COUTLÉE, THÉRÈSE-GENEVIÈVE, superior of the Sisters of Charity of the Hôpital Général of Montreal; b. 23 Nov. 1742 in Montreal, eldest daughter of Louis Coutlée (Coutelais), dit Marcheterre, a day labourer, and Geneviève Labrosse; d. there 17 July 1821 at the Hôpital Général.
At the time she entered the Hôpital Général of Montreal on 14 Oct. 1762, Thérèse-Geneviève Coutlée had an enviable education for a young girl of that era. Mme d’Youville [Dufrost*] quickly noted the intellectual abilities of this particularly gifted candidate. Consequently, immediately after she had made her profession on 24 Oct. 1764 Sister Coutlée was initiated into the business matters of the house by Mme d’Youville, who entrusted her with the office of assistant bursar. She was soon put to the test, for on 18 May 1765 a fire utterly devastated the hospital. The patients and nuns took shelter in the Hôtel-Dieu or on the farm at Pointe-Saint-Charles (Montreal). Providing for the needs of the poor, who were now scattered, and watching over the rebuilding of the house proved a challenge that she met to everyone’s satisfaction. On 9 June 1792, three days after the death of the superior, Marguerite-Thérèse Lemoine* Despins, Sister Coutlée was elected to succeed her; overwhelmed by the responsibility, she wept freely.
Mother Coutlée paid great attention to the needs of the poor, whose numbers were growing faster than were resources, and like her predecessor she endeavoured to collect the annuities that were held by the hospital in France and that were now devalued with disastrous consequences for Canadian religious communities. But the Hôpital Général was unable to obtain any revenues during her lifetime and so sustained heavy losses. To cope with insufficient income Mother Coutlée rented out part of the land adjoining the hospital on a long lease; then she developed or opened workshops to turn out embroidery, vestments, candles, wafers, wax products, book-binding, and gilding. She herself did some of this work, and artist Louis Dulongpré* chose to portray her with a piece of embroidery in her hands. Her participation was appreciated and helped keep the others in good spirits. During her term of office the nuns, who ate sparingly and had a great many other tasks to do, had to give up working in the fields.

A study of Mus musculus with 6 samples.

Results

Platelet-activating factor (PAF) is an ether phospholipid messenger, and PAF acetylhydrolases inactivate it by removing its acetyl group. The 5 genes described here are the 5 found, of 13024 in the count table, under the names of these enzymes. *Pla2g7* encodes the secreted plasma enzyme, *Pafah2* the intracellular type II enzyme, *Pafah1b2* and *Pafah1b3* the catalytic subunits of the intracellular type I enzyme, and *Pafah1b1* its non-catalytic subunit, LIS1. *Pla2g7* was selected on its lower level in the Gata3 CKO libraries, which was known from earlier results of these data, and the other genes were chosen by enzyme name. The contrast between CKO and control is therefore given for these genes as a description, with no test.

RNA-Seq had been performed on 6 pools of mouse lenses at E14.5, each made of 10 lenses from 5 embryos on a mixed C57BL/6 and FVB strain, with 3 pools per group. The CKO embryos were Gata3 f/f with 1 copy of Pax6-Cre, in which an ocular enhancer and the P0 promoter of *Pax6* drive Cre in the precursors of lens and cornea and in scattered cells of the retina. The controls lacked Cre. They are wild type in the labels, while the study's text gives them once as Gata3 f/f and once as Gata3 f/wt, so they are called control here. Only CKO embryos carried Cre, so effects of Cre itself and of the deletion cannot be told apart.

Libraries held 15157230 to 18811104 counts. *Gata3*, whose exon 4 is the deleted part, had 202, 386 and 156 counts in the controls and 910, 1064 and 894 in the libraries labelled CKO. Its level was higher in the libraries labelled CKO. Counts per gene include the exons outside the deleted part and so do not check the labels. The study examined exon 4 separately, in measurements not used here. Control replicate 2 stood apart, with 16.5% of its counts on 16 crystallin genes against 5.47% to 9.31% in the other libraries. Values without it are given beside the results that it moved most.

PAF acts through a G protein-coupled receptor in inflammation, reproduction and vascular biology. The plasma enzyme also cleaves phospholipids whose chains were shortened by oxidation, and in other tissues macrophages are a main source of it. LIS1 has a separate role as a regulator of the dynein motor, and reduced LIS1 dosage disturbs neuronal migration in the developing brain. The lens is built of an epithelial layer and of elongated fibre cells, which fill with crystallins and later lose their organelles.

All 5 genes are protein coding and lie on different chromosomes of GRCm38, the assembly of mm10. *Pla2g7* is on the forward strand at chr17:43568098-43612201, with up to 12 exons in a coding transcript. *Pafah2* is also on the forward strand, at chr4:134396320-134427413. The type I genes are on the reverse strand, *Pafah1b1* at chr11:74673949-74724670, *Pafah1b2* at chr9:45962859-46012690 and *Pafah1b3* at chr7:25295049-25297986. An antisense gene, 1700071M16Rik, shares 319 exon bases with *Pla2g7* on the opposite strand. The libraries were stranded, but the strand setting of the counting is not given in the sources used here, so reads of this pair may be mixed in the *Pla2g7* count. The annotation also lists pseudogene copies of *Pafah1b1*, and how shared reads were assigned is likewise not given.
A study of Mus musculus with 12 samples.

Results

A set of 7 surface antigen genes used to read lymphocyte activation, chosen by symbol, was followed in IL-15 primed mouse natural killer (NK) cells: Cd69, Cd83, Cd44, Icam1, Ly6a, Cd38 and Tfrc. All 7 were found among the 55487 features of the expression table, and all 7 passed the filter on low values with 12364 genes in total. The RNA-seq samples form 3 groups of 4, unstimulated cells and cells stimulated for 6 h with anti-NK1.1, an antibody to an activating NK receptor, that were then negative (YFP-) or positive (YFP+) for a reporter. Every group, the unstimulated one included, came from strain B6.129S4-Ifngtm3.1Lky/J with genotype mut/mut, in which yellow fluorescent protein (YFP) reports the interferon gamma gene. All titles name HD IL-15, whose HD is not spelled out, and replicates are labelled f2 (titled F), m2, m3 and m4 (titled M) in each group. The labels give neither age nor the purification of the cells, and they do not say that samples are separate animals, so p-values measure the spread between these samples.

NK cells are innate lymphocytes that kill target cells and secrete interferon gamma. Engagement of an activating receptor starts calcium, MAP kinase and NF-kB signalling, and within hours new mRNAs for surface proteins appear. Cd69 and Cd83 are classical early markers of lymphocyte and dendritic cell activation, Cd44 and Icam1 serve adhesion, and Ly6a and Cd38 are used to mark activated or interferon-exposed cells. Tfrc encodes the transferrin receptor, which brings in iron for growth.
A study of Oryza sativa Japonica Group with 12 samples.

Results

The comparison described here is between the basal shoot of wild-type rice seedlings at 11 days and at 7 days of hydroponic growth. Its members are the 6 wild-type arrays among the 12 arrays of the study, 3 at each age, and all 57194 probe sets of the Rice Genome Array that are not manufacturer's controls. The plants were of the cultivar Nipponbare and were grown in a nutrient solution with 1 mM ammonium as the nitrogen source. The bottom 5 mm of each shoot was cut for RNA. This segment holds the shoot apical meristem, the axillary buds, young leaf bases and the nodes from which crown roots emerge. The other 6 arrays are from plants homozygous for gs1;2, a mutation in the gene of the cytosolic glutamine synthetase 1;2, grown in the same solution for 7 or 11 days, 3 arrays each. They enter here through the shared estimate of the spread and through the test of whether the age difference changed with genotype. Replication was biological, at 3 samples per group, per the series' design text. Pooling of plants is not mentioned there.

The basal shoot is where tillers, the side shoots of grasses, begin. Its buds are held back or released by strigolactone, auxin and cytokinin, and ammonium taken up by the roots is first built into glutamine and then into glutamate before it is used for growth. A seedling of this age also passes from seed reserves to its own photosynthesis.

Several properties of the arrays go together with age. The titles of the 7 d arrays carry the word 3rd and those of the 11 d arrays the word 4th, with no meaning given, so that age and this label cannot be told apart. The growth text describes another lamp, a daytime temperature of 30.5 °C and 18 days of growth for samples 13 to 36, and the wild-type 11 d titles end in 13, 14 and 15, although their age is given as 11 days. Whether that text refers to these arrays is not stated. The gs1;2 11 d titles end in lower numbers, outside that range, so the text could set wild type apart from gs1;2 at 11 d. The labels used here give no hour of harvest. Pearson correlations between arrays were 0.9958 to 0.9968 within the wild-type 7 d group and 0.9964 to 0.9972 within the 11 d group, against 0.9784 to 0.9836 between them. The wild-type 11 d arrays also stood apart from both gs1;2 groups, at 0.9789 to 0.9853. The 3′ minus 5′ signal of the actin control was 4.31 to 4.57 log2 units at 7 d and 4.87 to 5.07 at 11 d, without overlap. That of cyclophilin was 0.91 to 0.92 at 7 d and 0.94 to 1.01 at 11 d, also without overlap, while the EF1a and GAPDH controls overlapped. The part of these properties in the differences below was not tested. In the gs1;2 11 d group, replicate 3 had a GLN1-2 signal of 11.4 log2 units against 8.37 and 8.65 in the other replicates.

The institution continued to be in an extremely precarious financial position, despite gifts from coadjutor bishop Pierre Denaut*, the gentlemen of the Séminaire de Saint-Sulpice, and the nuns of the Congregation of Notre-Dame and the Hôtel-Dieu. In 1795 Mother Coutlée asked Bishop Jean-François Hubert* about the advisability of leasing out two properties, one at Pointe-Saint-Charles, the other adjoining Côte à Baron. She even contemplated selling the seigneury of Châteauguay “if these deals [could] be of advantage to the poor.” Bishop Hubert offered only one objection: the proposed rent was too low. Fortunately, in 1801 the House of Assembly agreed to provide an annual grant for the work with the insane and with foundlings. These sums helped put the finances of the hospital on a firmer basis, but Mother Coutlée’s worries were by no means at an end. Too many young nuns were dying, and there was a dearth of workers for the tasks at hand. To improve the situation, in 1804 she set up an infirmary where sick nuns thenceforth received better care.
In 1814, in the midst of stubborn struggles to defend the interests of the underprivileged, Mother Coutlée reached the 50th anniversary of her religious profession, a memorable occasion for it was the first time a golden jubilee had been celebrated in the community. However, it was but a pause between two battles. To the superior’s surprise, in 1818 the assembly voted £2,000 for the construction of accommodation for the insane on the Hôpital Général’s land. The nuns could scarcely sustain their existing level of work, but Joseph-Octave Plessis, the bishop of Quebec, advised them to accept the assembly’s grant so that they could meet the urgent financial needs of caring for foundlings and the insane [see George Selby]. That year the town of Montreal made plans to continue Rue Saint-Pierre to the St Lawrence, an extension that would have cut the nuns’ house in two. After clarifying the matter, the superior again benefited from episcopal counsel and support for the sisters’ defence of the unfortunate. Moreover, Charles-Michel d’Irumberry de Salaberry, a member of the Legislative Council, considered it an honour to take up this cause. In the end those managing the Hôpital Général gave up the work with the insane in 1844 because they could no longer house the patients adequately.
On 17 July 1821 Thérèse-Geneviève Coutlée died, commending to her sisters the precept of charity which she had herself received at Mme d’Youville’s bedside.
Arch. des Sœurs Grises (Montréal), Aliénés, historique; Ancien journal, I; Dossier de sœur Thérèse-Geneviève Coutlée; Maison mère, historique; Musée; Mémoire de sœur Julie Casgrain-Baby; Reg. des baptêmes et sépultures de l’Hôpital Général de Montréal; Reg. des minutes du Conseil général; Reg. des recettes et dépenses de l’Hôpital Général de Montréal. Allaire, Dictionnaire, vol.1. Gérard Brassard, Armorial des évêques du Canada . . . (Montréal, 1940). Gauthier, Sulpitiana. [É.-M. Faillon], Vie de Mme d’Youville, fondatrice des Sœurs de la charité de Villemarie dans l’île de Montréal, en Canada (Villemarie [Montréal], 1852). [Albina Fauteux et Clémentine Drouin], L’Hôpital Général de Sœurs de la charité (Sœurs Grises) depuis sa fondation jusqu’à nos jours (3v. parus, Montréal, 1916– ).